Dear friends who made aliyah,
We know it probably wasn’t easy. We really admire the million nights you probably spent pondering whether it was the right decision, whether you would be brave enough to simply jump on a plane and start a new life in our Holy Land, not knowing in advance if it would be for you. We have heard so many times about your difficult beginnings: the excruciating frustration of having to learn a new language, often from scratch, often when you feel you´re too old for it and were used to the luxury of sounding witty and articulate with much less effort. The sometimes unbearable heartache of missing your relatives at home. Of wondering whether this überadventure is really worth it when you hardly know your new nephews and nieces, when you can´t accompanying your elderly parents to the doctor´s.
We also hear about your financial challenges, about how exasperating and boring a moshav can be when you were used to living downtown, and how you miss being invited to Friday night dinners although you love Tel Aviv . We hear and feel you when you tell us about your roller coaster ride to get used to, and feel part of, a new society.
We want to keep listening because we really admire you, all of you who made it. We mean it. Many of us really wish we would find the strength and bravery to join you one day. Our hearts swell when you tell us that you found a job so quickly, and that you love it. That you finally found a place and that – huge or tiny – we are welcome to visit. We love reading your Facebook posts in Hebrew, even if we don´t understand them. We are thrilled to see that you made so many friends, maybe even married the wonderful Jewish soulmate you probably wouldn´t have met in Madrid, Tucumán or Dallas. How great it is to see you and share a small piece of your adventure when we come to visit in the Land of Milk and Honey. We feel proud of your achievements, and we cry with you when things go wrong.
Would we feel the same way had you moved to France, Australia, Sweden or anywhere else? The answer has to be no. We would love you all the same, but the answer has to be no. Because you are in Israel, you are making Israel, and you are Israel.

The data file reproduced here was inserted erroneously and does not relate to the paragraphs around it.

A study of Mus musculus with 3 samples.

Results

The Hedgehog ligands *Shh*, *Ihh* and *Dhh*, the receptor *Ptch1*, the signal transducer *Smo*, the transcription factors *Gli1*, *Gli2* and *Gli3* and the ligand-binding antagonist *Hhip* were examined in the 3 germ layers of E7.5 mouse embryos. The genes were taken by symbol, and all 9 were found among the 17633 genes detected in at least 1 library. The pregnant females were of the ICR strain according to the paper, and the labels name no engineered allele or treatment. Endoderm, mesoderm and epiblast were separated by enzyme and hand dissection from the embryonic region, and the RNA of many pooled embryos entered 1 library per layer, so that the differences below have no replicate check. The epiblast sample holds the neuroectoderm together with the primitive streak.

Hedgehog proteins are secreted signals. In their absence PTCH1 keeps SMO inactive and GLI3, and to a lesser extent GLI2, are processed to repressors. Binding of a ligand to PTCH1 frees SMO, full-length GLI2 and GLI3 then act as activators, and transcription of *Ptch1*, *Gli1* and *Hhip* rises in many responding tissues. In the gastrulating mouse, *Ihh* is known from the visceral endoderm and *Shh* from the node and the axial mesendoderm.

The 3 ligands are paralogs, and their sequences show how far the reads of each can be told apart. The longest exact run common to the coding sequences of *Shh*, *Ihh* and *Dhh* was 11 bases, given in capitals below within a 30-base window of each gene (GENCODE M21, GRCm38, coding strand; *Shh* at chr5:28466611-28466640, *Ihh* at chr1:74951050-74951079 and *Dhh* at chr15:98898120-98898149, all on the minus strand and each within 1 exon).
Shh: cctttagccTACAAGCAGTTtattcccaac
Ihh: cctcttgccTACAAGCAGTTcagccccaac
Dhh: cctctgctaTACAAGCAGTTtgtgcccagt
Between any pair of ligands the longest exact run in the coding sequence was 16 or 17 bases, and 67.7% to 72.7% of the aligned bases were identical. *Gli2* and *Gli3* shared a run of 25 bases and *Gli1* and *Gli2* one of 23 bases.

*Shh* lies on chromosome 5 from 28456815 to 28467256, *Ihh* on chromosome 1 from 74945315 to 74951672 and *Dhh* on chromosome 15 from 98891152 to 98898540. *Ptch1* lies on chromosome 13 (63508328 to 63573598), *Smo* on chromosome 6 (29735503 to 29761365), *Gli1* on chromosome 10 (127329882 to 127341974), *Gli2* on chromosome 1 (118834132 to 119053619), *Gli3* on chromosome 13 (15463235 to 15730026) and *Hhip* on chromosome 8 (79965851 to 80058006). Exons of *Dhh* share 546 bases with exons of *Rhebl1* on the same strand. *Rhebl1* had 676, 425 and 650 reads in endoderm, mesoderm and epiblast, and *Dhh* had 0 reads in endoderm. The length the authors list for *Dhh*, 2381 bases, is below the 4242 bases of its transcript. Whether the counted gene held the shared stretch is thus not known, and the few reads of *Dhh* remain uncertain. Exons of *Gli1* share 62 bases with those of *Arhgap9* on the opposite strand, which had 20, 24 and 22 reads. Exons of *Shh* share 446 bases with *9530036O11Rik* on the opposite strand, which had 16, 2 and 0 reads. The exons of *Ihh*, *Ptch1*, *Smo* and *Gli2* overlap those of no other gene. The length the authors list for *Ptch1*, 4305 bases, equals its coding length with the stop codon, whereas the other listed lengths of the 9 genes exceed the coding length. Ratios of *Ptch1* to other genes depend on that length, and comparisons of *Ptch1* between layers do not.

But here´s the thing: so are we. Please, remember that not long ago you were like us. You didn´t live in Israel, yet you didn´t love it any less. We are constantly tuned in, and this summer – as always – we have been worried. For you, for Israel. Sad about what happened in Duma and in the Jerusalem Parade. But also very sad for the numerous times when Arabs threw Molotov cocktails at Israeli vehicles and attacked our soldiers and policemen.
However, I must say, dear friends who made aliyah, too many times I have seen promising, stimulating discussions being cut short. End of the story. It´s easy to say that from your comfortable armchair in California. We can talk when you leave everything behind and move to Sderot. Yeah, but you won´t be sending your children to war, will you? If only you knew what it is like to live surrounded by black hats you wouldn´t like rabbis so much. You have no idea – at least one of us is living here.
(It gets even sadder when some immigrants who arrived 20 years ago feel more rightful than the ones who made aliyah “only” 7 years ago.)
You disagree with us? Talk to us. Let´s keep the conversation going. You are there and we are here, but we are all in it. Talk about the bigger context, share your experience with us. But don´t dismiss us, please don´t ignore us. Please don´t make us feel like we don´t have a say. Even if we don´t live there, we are also Israel.
My brave cousin who suddenly became very unpopular at work after some stupid colleague questioned Israel´s right to exist and she fiercely defended our Land and our People. My brother who saw a “Boikot Israel” graffiti on our street and immediately planned to have it erased. Rebecca who while working like a madwoman shortly before submitting her PhD thesis spent an average of 3 hours a day exposing the lies that the Spanish media kept saying about Israel during Operation Cast Lead . Joseph, who hijacks every Islamist demonstration in London – believe me, I would S*** my pants – to try and give people a more balanced view of what goes on in the Middle East and fight antisemitism. Those who instead stay home, feeling scared and frustrated when the whole High Street is taken by thousands of people shouting that from the land to the sea Palestine will be free. And what is scarier I don´t know, the viciousness and hatred, or the fact that you would see so many familiar faces if only you went downstairs. Those of us who donated more money than what we could possibly afford towards appropriate gear for IDF soldiers during Operation Protective Edge.
Some of you, dear friends who made aliyah – because this hardly comes from those who were born in Israel – it would seem that you feel the need to constantly remind us that these actions are not the same as living there. Seeing with your own eyes how the Iron Dome intercepts a rocket. Having to run into a shelter in the middle of the night.
I´ll tell you what: we know it. Don´t think for a moment that we do not realise that living in Sderot, and making the daily commitment to stay despite the fact that your poor children are starting to show PTSD courtesy of Hamas can possibly compare to taking part in a Siren Flash Mob in Trafalgar Square, then dusting yourself off, then going for a pint in Covent Garden. I promise you we know it. And let me say it again: we really admire you.
Just please remember that Israel does not only designate a country, but also the Jewish nation. We might not be there – yet – in person, but we are there in heart, in spirit. When we are plugged to the news, when we long to be there, always. We are here, you are there, but we are in this together. We want, need to hear what you have to say. Just please let us be part of the conversation.